Lawmakers, HHS Seek to Redress Healthcare Disparities

Legislation to combat alarming disease rates in minorities

Amoxicillin (Generic Term) Antibiotics PerscriptionRacial and ethnic minorities have higher rates of obesity, cancer, diabetes, and AIDS than whites, according to a new report from the U.S. Department of Health and Human Service. In fact, 48% of African American adults suffer from a chronic disease compared with 39% of the general population.

Seeking to address the disparities, black, Latino and Asian lawmakers Tuesday introduced the Health Equity and Accountability Act of 2009, which outlines their priorities for healthcare reform—particularly the need to eliminate racial and ethnic disparities that exist under the current healthcare system.  The bill is designed to reduce racial and ethnic disparities and address a number of other issues important to communities of color while improving the national healthcare system for all Americans.

Both HHS and the Congressional TriCaucus – comprised of the Congressional Black Caucus, the Congressional Hispanic Caucus and the Congressional Asian Pacific American Caucus — consider access to quality care as vital to health and wellness, and acknowledge that health insurance plays a key role. However, racial and ethnic minorities and low-income populations experience serious disparities in rates of insurance and access to healthcare.

Just under one in five African Americans – are uninsured. In comparison, only about one in eight Whites lacks health insurance, according to the HHS report, “Health Disparities: A Case for Closing the Gap.”

“Today over 47 million people lack health insurance in America and although racial and ethnic minorities account for about one third of U.S. population, they account for more than half of the uninsured,” said CBC Chair Rep. Barbara Lee of California. “The Congressional TriCaucus stands together and speaks with one voice to demand health care reform now, and to demand an end to the factors that perpetuate racial and ethnic health disparities in this country.”

Seven out of 10 African Americans between the ages 18 to 64 are obese or overweight, and African Americans are 15% more likely to suffer from obesity than whites, according to the report. African Americans are more likely to develop and die from cancer than any other racial or ethnic group.  African Americans also experience new HIV infections at seven times the rate of Whites, and Hispanics experience new HIV infections at two and a half times the rate of Whites.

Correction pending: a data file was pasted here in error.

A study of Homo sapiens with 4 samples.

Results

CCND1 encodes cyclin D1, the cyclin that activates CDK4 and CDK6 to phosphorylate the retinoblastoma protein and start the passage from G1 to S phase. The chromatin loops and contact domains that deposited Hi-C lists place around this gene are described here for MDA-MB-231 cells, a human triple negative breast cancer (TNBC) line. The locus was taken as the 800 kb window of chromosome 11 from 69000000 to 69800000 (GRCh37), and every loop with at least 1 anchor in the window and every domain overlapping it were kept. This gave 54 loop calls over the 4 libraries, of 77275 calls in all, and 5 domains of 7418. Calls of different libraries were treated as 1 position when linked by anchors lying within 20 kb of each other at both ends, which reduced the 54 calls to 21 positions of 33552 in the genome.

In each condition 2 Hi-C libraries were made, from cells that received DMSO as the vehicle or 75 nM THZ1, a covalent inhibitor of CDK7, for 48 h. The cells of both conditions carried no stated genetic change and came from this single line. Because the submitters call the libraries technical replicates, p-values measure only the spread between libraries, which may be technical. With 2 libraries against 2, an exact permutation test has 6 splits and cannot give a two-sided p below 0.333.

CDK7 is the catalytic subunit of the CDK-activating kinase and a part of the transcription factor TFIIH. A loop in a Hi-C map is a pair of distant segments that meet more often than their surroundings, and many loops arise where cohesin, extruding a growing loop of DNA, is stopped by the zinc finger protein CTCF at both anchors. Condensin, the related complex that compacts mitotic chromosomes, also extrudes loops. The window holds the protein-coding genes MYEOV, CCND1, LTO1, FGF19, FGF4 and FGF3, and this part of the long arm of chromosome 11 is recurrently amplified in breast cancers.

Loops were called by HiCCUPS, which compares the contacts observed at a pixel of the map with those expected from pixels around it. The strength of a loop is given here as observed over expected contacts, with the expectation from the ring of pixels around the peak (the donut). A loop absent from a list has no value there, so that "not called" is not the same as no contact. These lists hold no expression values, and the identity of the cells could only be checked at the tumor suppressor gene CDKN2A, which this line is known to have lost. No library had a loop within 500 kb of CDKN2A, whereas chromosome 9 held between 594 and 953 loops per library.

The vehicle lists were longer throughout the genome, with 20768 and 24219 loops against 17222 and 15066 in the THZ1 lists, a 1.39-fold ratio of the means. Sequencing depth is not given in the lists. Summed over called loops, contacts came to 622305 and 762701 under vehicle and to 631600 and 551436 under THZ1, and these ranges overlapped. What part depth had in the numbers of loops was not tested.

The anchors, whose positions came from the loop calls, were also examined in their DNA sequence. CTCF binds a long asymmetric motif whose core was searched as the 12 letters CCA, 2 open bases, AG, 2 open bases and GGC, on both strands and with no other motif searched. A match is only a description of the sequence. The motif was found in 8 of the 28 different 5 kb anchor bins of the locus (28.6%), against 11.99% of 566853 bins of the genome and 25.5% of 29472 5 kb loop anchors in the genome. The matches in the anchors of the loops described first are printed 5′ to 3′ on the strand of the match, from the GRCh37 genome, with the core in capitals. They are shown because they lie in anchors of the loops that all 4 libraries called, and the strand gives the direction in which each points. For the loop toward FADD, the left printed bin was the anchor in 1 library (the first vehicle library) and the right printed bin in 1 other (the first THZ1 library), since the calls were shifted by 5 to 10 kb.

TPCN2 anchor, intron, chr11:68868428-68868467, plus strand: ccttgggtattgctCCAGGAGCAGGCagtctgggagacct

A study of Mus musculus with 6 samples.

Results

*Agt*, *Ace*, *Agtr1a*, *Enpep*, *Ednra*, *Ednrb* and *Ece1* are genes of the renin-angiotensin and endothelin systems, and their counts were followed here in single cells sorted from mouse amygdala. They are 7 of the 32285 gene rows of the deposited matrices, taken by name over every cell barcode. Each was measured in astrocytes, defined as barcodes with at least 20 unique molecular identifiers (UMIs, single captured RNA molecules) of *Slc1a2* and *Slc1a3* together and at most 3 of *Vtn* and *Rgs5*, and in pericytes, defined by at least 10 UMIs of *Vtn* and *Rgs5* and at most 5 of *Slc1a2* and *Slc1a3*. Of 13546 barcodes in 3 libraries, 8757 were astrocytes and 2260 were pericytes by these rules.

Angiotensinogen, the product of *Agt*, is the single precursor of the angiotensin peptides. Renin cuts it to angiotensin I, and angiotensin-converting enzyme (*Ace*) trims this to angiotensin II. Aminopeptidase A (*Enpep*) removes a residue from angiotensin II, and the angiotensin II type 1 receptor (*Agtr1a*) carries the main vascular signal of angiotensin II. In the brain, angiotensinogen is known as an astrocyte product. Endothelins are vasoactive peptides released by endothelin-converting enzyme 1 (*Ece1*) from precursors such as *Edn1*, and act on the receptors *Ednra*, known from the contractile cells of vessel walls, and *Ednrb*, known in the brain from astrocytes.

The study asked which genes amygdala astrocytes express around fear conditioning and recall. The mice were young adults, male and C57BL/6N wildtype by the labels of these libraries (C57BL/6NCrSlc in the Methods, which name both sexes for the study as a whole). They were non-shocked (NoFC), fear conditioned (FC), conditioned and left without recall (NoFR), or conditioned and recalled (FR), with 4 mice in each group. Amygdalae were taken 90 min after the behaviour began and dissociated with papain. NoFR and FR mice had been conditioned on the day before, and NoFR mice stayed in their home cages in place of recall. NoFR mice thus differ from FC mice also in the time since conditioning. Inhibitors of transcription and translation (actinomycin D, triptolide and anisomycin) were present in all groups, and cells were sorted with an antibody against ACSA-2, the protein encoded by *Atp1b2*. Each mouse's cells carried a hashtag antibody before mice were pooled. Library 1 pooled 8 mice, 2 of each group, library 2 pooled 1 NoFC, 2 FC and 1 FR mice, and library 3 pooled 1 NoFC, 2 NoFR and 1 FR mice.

With unemployment on the rise, the disparities already apparent among these groups will continue to increase, according the HHS.

The lawmakers’ bill would also strengthen the Office of Minority Health within the Department of Health and Human Services, expand racial and ethnic diversity in clinical trials, and integrate community-centric health efforts into health reform.

At a discussion of minority health issues at the White House, HHS Secretary Kathleen Sebelius said the Obama administration is committed to addressing the disparity in the delivery of quality healthcare, writes the Associated Press.

She notes that minorities are more likely to be uninsured and are less likely to have access to quality care when they need it. “We are here today,” she says, “because we all agree the system is broken, and we have to all work together to do something about it.”

Healthcare reform is a top priority of President Barack Obama’s administration. Congressional committees have already begun working on the overhaul, and the Senate Health Committee released a draft bill Tuesday. The Affordable Health Choices Act seeks to expand medical insurance coverage to all Americans, reduce healthcare costs, make health coverage affordable to the uninsured, and better coordinate healthcare.

“Healthcare reform cannot and must not wait,” said Sen. Christopher J. Dodd (D.-Conn.), who helped author the legislation. Today, we “introduce legislation that will strengthen what works and fix what doesn’t.”

However, the members of the Congressional Black Caucus, the Congressional Hispanic Caucus and the Congressional Asian Pacific American Caucus warned Democratic leaders that any bill overhauling healthcare that didn’t correct the health gaps between whites and minorities would have a difficult time being passed.